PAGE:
A street vendor sells food on the streets of the capital San'a, Yemen. Even in Yemen's breadbasket, people are having trouble feeding themselves in what food experts say is a hidden but growing hunger problem across this impoverished country, the poorest

We are concerned about the impact that rising prices have on vulnerable people.

Three years after the 2007-2008 global food crisis, food prices are rising again. Increasing demand for food in developing countries and weather-related production losses are the primary reasons for the increase in food prices. Fortunately, good harvests of staples in Africa and Latin America have kept local prices there low, and record world rice production has kept rice prices stable.

We are concerned about the impact that rising prices have on vulnerable people. We are watching food prices closely and working with the international community to respond appropriately to achieve long-term sustainable solutions to food insecurity.

"We know very well that hunger is a drain on economic development," said U.S. Secretary of State Hillary Clinton last October, as she accepted the World Food Programme's George McGovern Leadership Award for her commitment to ending global hunger. "Fighting hunger is a priority for us and it demands our highest levels of patience and commitment."

In response to the global food price spike in 2007-2008, President Obama pledged $3.5 billion to help poor countries fight hunger by investing in agricultural development. His Feed the Future Initiative utilizes innovation, research, and development to improve agricultural productivity, link farmers to local and regional markets, enhance nutrition, and build safety nets.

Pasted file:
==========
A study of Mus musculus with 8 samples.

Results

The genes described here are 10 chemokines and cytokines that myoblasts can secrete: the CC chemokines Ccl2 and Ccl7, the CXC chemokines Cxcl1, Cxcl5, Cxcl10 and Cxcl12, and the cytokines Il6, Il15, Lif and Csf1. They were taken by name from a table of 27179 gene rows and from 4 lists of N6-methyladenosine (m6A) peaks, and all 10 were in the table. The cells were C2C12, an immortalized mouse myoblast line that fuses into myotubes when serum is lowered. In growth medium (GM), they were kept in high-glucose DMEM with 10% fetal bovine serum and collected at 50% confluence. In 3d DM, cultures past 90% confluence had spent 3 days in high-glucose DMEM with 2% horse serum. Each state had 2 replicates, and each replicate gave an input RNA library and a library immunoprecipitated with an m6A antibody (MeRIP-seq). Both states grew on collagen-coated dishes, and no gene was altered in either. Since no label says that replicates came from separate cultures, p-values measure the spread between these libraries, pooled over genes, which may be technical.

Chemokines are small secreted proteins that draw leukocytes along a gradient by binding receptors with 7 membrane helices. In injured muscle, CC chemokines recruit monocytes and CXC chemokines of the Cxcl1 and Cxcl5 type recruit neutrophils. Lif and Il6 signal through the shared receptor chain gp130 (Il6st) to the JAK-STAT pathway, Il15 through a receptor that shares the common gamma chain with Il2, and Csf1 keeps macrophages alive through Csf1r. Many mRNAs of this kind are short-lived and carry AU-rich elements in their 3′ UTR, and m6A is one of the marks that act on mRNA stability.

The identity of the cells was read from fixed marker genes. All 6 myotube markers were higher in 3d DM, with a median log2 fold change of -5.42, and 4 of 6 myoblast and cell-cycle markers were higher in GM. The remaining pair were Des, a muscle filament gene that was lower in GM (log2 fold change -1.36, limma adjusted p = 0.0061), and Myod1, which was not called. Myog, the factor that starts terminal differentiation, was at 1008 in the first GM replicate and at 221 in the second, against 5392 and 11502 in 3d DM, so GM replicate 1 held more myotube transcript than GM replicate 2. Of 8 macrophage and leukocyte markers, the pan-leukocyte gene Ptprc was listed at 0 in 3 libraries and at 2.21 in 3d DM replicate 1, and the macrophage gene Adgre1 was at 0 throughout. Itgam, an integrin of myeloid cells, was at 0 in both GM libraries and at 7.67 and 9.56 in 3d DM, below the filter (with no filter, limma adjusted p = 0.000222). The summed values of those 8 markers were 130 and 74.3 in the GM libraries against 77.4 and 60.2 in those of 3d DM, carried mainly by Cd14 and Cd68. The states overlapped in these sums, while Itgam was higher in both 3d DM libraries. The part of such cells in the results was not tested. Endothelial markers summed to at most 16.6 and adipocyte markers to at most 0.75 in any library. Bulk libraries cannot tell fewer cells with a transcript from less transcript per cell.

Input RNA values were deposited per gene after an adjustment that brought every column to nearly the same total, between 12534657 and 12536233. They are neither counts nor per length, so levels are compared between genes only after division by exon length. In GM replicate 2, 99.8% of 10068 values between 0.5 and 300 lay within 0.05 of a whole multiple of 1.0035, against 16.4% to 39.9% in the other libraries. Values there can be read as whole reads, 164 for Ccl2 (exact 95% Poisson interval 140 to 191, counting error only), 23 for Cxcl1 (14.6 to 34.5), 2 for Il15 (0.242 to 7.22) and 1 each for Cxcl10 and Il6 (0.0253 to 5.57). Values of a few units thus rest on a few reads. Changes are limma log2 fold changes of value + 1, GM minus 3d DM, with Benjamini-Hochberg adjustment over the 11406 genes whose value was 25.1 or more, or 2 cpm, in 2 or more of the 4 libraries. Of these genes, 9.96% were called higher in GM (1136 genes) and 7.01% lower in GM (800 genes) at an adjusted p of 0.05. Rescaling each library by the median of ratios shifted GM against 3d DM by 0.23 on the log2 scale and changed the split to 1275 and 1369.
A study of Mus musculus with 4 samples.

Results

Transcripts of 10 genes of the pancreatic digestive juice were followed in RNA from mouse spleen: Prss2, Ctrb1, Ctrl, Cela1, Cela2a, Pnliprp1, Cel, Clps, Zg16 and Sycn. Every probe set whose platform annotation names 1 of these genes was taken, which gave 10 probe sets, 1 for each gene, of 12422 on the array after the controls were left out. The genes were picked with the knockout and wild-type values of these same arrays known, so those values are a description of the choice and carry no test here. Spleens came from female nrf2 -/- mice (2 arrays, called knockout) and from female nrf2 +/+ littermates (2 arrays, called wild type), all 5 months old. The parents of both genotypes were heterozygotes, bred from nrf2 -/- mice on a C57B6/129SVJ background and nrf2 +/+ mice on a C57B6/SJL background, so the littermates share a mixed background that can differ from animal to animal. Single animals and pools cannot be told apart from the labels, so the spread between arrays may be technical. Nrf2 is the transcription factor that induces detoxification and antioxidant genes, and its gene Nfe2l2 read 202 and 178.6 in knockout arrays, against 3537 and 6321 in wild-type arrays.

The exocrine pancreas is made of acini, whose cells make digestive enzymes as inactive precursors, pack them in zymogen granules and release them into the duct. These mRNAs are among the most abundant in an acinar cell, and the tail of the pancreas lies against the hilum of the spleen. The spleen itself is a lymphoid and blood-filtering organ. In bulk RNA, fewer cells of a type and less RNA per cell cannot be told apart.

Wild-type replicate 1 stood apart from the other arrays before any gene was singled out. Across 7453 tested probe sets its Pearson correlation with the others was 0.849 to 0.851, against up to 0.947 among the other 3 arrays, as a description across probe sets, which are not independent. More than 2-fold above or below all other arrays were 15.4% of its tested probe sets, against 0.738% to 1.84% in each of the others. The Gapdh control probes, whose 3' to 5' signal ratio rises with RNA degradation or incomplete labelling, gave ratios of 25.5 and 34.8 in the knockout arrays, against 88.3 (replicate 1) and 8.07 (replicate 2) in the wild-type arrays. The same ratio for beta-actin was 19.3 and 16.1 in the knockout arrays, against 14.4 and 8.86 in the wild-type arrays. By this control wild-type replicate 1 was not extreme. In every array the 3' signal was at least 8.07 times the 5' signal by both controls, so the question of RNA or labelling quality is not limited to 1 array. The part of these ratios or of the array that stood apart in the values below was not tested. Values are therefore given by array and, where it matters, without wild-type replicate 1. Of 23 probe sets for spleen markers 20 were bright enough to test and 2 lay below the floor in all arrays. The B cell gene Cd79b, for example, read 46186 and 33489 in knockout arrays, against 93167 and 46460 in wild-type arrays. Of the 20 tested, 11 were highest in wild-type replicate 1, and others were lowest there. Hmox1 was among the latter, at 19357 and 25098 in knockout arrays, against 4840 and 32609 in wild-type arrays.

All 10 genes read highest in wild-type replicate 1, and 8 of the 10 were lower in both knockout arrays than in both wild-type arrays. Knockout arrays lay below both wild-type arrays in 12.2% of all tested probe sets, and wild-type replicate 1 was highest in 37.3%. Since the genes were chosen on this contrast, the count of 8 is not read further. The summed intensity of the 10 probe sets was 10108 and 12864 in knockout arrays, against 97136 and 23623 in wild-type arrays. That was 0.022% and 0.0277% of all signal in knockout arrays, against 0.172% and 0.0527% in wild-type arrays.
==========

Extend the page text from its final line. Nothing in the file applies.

The international community also learned key lessons from the 2007-2008 food crisis on the importance of having the right policies in place. We are working bilaterally and within multilateral institutions, such as the UN food agencies, the G-20, and APEC, to encourage nations to pursue policies that facilitate agricultural growth and reliable trade flows.

We learned that it is vital to maintain transparent, functioning markets, and to avoid export barriers, panic buying and unnecessarily large increases in food stocks, as these actions tend to drive prices higher. Governments understandably need to ensure affordable food supplies. They can best do this through targeted safety nets for their most vulnerable and by reducing import tariffs and taxes.

As demand for food continues to increase in the long run, we need to increase productivity and improve markets. This requires conditions that foster investment in agriculture, particularly in the developing world, so innovative technologies can raise agricultural productivity.

Countries that make smart investments in agriculture will spur agricultural growth, ensuring that they are better able to combat hunger, feed their people, and contribute to stable global food supplies.